Proximity to the monarch was a vital asset in the struggle for power and influence in medieval and early modern courts. The concept of ‘access to the ruler’ has therefore grown into a dominant theme in scholarship on pre-modern dynasties. Still, many questions remain concerning the mechanisms of access and their impact on politics. Bringing together new research on European and Asian cases, the ten chapters in this volume focus on the ways in which ‘access’ was articulated, regulated, negotiated, and performed. By taking into account the full complexity of hierarchies, ceremonial rites, spaces and artefacts that characterized the dynastic court,
The Key to Power? forces us to rethink power relations in the late medieval and early modern world.
Contributors are: Christina Antenhofer, Ronald G. Asch, Florence Berland, Mark Hengerer, Neil Murphy, Fabian Persson, Jonathan Spangler, Michael Talbot, Steven Thiry, and Audrey Truschke.
Dries Raeymaekers, Ph.D. (University of Antwerp, 2009) is Assistant Professor of Early Modern History at Radboud University Nijmegen. He has published on Habsburg dynastic politics, including a monograph on the Habsburg Court of Brussels in the early seventeenth century.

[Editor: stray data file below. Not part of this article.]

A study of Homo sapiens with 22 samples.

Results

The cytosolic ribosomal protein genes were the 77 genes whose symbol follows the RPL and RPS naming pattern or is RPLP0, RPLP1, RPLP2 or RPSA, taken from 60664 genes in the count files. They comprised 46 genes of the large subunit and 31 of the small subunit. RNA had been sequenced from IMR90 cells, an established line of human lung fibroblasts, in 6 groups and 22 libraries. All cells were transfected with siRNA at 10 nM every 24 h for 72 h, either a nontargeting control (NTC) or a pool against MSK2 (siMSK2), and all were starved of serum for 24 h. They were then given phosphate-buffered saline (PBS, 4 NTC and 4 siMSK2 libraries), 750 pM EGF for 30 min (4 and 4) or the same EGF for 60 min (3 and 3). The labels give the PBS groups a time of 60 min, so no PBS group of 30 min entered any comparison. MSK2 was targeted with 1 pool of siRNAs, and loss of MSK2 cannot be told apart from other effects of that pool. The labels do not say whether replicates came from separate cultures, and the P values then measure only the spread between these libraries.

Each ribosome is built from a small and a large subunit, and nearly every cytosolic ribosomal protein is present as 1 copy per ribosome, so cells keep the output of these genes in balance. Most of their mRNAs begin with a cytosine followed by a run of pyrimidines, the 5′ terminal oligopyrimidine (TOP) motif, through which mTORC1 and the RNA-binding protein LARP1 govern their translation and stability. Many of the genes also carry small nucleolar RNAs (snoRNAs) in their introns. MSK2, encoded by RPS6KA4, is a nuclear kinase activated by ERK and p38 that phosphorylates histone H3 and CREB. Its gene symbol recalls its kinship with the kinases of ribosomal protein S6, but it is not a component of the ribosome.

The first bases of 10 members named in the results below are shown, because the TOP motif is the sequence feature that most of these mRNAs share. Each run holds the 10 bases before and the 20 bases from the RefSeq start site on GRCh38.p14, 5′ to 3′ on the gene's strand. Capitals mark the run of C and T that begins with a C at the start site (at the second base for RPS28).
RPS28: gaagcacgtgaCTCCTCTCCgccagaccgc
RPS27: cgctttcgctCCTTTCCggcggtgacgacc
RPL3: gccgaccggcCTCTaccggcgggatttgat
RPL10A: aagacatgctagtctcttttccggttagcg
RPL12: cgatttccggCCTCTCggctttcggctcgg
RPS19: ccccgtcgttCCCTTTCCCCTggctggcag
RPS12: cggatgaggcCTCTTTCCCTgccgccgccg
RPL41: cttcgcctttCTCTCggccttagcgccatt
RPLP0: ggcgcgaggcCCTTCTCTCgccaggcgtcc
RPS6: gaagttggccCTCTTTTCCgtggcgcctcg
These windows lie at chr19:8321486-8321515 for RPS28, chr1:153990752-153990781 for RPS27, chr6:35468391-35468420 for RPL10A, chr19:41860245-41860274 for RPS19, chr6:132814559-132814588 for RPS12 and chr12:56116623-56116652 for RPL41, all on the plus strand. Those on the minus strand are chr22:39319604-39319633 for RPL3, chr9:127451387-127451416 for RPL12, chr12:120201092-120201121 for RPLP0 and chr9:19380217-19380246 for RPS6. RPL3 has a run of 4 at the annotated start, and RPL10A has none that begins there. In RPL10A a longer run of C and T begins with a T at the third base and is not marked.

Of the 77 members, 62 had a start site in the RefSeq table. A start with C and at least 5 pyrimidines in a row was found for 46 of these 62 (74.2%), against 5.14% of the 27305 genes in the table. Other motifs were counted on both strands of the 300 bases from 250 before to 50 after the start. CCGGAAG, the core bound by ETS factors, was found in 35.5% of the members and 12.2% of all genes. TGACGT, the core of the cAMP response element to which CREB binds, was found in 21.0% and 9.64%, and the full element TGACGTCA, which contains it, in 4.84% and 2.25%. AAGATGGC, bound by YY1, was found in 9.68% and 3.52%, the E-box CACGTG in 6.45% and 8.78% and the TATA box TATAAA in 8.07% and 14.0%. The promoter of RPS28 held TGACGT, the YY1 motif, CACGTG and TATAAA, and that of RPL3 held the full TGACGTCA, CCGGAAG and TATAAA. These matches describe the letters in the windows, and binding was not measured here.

Sebastiaan Derks is Head of the Department of Digital Data Management and Researcher at the Huygens Institute for the History of the Netherlands. He has published a number of articles on the Farnese dynasty in sixteenth-century Europe.
Table of contents
Notes on Contributors
List of Illustrations & Tables
Dries Raeymaekers and Sebastiaan Derks
Repertoires of Access in Princely Courts
I. Articulating Access
Access to the Prince’s Court in Late Medieval Paris
The Court on the Move: Ceremonial Entries, Gift-Giving and Access to the Monarch in France, c.1440–c.1570
Deceptive Familiarity: European Perceptions of Access at the Mughal Court
II. Regulating Access
Accessing the Shadow of God: Spatial and Performative Ceremonial at the Ottoman Court
Access at the Court of the Austrian Habsburg Dynasty (Mid-Sixteenth to Mid-Eighteenth Century): A Highway from Presence to Politics?
III. Monopolizing Access
Holders of the Keys: The Grand Chamberlain, the Grand Equerry and Monopolies of Access at the Early Modern French Court
Ronald G. Asch
Patronage, Friendship and the Politics of Access: The Role of the Early Modern Favourite Revisited
The Struggle for Access: Participation and Distance During a Royal Swedish Minority
IV. Visualizing Access
Meeting the Prince between the City and the Family: The Resignification of Castello San Giorgio in Mantua (Fourteenth – Sixteenth Centuries)
Forging Dynasty: The Politics of Dynastic Affinity in Burgundian-Habsburg Birth and Baptism Ceremonial (1430–1505)
Scholars interested in the history of the princely court, rulership, dynastic politics and late medieval and early modern politics in general; scholars interested in Renaissance and Baroque art and architecture.